Zum Wissenschaftsjahr 2018
Cement-like rock protects underwater ore deposits

Cement-like rock protects underwater ore deposits

A portrait of Dr. Bramley Murton

Cement-like rock protects underwater ore deposits

A portrait of Dr. Bramley Murton, National Oceanography Center Southampton

Hot springs on the sea floor, known as black smokers, are a spectacular sight, not least because they are home to a rich variety of animal sea life. Moreover, metal-rich fluids flow out of these hydrothermal vents on the sea floor. Minerals are precipitated from this hot mixture when it comes into contact with the cold seawater. Over time, huge copper, zinc and gold ore deposits build up. There has recently been increased interest in these massive sulphide deposits as potential sources of raw materials.

"A lot of research has now been done on black smokers," says Dr. Murton. "But the biggest question is, what happens to the minerals when the hot springs stop flowing?" Deep sea mining only becomes feasible when vents are exhausted and there is no longer hot water measuring 300°C flowing out of the sea floor and the accompanying animal sea life has also disappeared. However, the oxygen contained in seawater would normally destroy the sulphide minerals relatively quickly. "After a few hundred thousand years it is likely that one will only find waste rock," says Murton.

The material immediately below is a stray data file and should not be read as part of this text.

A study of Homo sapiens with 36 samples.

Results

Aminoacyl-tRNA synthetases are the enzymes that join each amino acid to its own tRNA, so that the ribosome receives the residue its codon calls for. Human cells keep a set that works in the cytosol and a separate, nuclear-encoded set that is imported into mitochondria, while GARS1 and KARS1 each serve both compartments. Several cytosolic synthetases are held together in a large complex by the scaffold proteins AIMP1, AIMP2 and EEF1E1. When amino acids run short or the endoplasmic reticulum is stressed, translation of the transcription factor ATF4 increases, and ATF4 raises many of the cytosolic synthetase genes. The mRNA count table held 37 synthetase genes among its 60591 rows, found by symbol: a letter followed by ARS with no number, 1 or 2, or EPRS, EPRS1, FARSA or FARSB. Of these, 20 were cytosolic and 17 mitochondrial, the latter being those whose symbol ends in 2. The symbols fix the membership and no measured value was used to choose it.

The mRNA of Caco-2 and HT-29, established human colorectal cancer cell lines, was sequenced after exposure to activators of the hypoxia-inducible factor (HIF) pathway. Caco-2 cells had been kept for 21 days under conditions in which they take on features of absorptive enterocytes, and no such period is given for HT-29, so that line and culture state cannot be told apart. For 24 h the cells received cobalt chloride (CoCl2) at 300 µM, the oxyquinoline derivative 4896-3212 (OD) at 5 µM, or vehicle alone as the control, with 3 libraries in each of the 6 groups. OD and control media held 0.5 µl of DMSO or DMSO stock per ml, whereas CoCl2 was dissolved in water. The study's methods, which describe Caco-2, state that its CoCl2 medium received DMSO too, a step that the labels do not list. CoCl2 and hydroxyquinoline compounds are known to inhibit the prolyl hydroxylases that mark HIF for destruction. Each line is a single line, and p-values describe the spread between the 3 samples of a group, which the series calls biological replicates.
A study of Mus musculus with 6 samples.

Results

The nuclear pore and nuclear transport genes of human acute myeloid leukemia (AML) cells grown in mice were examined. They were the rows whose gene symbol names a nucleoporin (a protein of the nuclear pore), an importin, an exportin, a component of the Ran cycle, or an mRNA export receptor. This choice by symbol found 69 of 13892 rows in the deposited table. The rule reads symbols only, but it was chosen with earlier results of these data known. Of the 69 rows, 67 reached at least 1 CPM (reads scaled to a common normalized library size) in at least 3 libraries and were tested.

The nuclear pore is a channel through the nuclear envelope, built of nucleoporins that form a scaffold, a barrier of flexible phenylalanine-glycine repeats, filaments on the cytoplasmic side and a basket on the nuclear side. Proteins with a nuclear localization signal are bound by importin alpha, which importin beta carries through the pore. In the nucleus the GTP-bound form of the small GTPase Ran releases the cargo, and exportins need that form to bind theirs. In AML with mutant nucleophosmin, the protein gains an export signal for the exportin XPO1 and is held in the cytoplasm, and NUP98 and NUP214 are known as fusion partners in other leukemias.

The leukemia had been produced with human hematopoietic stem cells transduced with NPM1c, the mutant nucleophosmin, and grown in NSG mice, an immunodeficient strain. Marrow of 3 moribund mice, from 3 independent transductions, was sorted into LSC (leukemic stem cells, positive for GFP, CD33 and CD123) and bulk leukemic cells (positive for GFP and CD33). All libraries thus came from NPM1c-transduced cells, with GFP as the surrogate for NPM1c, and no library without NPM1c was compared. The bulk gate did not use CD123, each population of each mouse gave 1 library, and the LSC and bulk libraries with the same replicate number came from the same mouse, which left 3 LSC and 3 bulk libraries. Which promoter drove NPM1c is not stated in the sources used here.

Dr. Bramley Murton is a geologist and specialist on the oceanic crust and the formation of mineral deposits. He heads the Marine Mineral Research team at the National Oceanography Centre in Southampton. He is also a Principal Investigator on the EU-funded Blue Mining project in which 19 international partners are testing various technologies for the exploration of sea floor deposits.

In the Blue Mining project, Murton and colleagues from 19 partner organizations are investigating how the metal deposits form on the sea floor and what the best geophysical methods are for exploring their structure. Last year, researchers on board the German research vessel FS METEOR and the British vessel RRS James Cook studied the TAG field in the mid-Atlantic at 26 degrees North which is an area of hydrothermal vents discovered in 1985. "The crews of the two ships worked very closely together," says Murton. In fact, some of the researchers took part in both expeditions, and equipment was also exchanged. The scientists are sharing the data they have obtained and are jointly publishing the results. In order to plan the mission, Murton had half a dozen meetings with his colleague Sven Petersen of the GEOMAR Helmholtz Centre for Ocean Research Kiel.

The team on board the James Cook took several samples from the ore mounds at nine different locations using a drill that was specially designed for the purpose. This was a difficult task because sites had to be found on the rugged ocean floor to set down the six-tonne drilling unit. The sites had been previously identified by the researchers on board the METEOR.

The samples revealed that the sensitive ores are protected from decay by a hard layer of silica. "It appears that these cement-like layers are formed when the temperatures of the black smokers decrease at the end of their lifespan," explains Bramley Murton. Similar rock sequences can be observed with sulphide deposits on land.